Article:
More than your finances can be at stake in bankruptcy

Sometimes financial challenges are not the only problems that people in Mississippi experience before deciding whether or not to file for bankruptcy. They may also be exposed to criminal liability. In such circumstances, it may be difficult to determiner whether to proceed with a personal bankruptcy proceeding.

One couple, with a combined debt of over $3 million, is facing this dilemma. They decided to seek debt relief and are now filing for bankruptcy. While their bankruptcy is pending, however, the community is accusing the husband of the couple of operating a Ponzi scheme and scamming unsuspecting individuals out of hundreds of thousands of dollars.

It is unclear whether the couple's debts are in any way related to the alleged financial scam. The community is actually hoping that the couple's personal bankruptcy will reveal some information regarding their possible criminal liability. The wife is relying on a constitutional tool to keep such information confidential -- she is pleading the Fifth. Specifically, she has pleaded the Fifth over 90 times in responding to questions posed during the bankruptcy proceeding. Many may not understand her tactic, but some lawyers comment that she may believe that it is better for her creditors to get to her assets than expose herself to jail time.

To understand this hypothesis, it is useful to explore the Fifth Amendment. It protects the right against self-incrimination. In other words, the Constitution guarantees that no one will be forced to testify against herself. Although the alleged Ponzi scheme may be in no way related to her bankruptcy, the wife is still entitled to "plead the Fifth" to avoid making any statements that may incriminate her.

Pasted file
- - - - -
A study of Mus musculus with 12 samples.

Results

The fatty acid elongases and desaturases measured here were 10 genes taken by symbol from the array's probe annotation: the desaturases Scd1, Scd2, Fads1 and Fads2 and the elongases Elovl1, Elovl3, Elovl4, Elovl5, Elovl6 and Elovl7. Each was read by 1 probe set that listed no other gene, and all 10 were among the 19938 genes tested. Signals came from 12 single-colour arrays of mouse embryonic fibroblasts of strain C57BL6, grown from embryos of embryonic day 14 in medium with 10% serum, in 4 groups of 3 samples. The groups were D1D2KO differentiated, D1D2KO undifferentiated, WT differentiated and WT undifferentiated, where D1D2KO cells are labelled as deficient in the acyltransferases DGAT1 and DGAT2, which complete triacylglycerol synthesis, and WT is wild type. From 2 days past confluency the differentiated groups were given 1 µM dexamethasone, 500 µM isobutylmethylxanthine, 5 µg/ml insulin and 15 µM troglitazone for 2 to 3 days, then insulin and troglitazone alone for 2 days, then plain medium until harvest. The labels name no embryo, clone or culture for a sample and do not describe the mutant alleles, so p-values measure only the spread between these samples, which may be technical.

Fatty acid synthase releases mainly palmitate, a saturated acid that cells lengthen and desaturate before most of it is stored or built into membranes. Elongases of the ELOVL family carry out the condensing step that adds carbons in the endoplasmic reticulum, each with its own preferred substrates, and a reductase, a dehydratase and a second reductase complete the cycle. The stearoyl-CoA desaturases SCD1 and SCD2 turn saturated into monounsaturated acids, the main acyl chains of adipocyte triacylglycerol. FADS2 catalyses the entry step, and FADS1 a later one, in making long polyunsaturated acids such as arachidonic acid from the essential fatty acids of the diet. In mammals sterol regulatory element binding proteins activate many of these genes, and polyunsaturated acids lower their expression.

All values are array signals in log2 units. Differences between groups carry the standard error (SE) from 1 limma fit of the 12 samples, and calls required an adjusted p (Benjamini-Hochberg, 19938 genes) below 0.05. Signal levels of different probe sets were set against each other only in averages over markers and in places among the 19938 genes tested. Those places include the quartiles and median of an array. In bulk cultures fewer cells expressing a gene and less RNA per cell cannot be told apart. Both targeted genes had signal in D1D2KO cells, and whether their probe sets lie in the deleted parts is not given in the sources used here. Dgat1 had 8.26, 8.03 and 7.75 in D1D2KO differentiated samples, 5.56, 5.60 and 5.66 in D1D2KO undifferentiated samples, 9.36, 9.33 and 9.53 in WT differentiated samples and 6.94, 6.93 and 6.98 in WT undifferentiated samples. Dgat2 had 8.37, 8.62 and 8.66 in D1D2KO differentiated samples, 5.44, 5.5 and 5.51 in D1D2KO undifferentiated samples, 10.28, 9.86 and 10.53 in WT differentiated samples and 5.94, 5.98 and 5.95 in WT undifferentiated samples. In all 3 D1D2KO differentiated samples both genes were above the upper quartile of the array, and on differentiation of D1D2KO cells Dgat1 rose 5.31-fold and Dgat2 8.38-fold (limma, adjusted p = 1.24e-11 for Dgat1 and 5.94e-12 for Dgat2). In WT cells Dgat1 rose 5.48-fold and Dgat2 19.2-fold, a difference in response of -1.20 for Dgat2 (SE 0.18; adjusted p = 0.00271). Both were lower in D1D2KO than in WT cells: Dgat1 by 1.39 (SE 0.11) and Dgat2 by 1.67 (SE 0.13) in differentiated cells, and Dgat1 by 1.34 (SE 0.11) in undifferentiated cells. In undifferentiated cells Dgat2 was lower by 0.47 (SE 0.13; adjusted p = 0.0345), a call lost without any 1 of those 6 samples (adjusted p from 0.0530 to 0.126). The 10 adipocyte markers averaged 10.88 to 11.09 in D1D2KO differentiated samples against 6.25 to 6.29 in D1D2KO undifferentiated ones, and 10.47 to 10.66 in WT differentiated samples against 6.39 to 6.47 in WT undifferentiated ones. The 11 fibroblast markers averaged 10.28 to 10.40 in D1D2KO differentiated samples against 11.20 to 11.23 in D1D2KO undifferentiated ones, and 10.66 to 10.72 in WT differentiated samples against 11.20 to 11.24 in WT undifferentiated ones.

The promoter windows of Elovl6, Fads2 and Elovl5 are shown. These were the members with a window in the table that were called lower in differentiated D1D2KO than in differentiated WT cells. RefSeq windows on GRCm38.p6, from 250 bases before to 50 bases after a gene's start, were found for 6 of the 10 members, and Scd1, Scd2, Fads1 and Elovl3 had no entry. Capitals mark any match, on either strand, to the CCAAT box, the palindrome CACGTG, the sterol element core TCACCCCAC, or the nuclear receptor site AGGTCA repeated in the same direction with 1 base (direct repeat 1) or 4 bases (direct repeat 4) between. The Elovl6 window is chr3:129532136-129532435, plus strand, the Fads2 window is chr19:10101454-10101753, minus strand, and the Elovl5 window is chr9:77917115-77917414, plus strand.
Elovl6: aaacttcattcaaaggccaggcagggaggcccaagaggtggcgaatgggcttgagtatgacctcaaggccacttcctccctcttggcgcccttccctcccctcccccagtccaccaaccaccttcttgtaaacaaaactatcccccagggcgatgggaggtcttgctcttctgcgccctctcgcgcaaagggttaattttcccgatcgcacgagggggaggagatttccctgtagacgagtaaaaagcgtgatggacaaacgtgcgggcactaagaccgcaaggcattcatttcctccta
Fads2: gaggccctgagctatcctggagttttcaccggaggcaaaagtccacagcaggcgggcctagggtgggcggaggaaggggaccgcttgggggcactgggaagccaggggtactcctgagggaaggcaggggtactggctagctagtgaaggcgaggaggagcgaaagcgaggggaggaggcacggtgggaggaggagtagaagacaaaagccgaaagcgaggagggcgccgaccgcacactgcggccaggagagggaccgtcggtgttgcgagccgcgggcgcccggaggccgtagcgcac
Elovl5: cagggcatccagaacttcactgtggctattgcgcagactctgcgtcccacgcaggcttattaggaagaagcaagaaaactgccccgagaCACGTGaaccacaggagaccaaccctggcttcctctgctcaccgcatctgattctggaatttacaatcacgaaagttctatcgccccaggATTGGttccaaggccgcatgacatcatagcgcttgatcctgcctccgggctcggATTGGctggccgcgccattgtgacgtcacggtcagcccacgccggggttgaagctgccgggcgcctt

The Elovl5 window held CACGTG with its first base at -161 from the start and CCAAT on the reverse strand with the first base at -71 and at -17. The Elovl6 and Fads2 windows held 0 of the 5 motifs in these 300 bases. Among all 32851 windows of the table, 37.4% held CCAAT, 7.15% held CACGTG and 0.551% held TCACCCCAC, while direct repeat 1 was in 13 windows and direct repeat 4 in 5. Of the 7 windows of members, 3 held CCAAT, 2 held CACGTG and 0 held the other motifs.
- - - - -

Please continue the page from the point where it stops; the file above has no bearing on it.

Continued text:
Mississippians may not appreciate what a useful tool the Fifth Amendment can be in bankruptcy proceedings. Sometimes when an individual is juggling more than one issue -- both debt and possible criminal liability -- it can be difficult to figure out how to begin to resolve these issues. The Fifth Amendment is a constitutional right that can offer some relief.

Of course, it is a complicated legal right that may require the explanation of a skilled legal professional. The Fifth Amendment cannot always guarantee that an individual seeking debt relief can smoothly carry out a personal bankruptcy without making any incriminating statements. A lawyer may have to help a debtor secure immunity from the government and criminal charges before effectively proceeding through bankruptcy.

Source: Foster's Daily Democrat, "Fifth Amendment at issue in Skaltsis bankruptcy case," Michelle Kingston, April 28, 2013.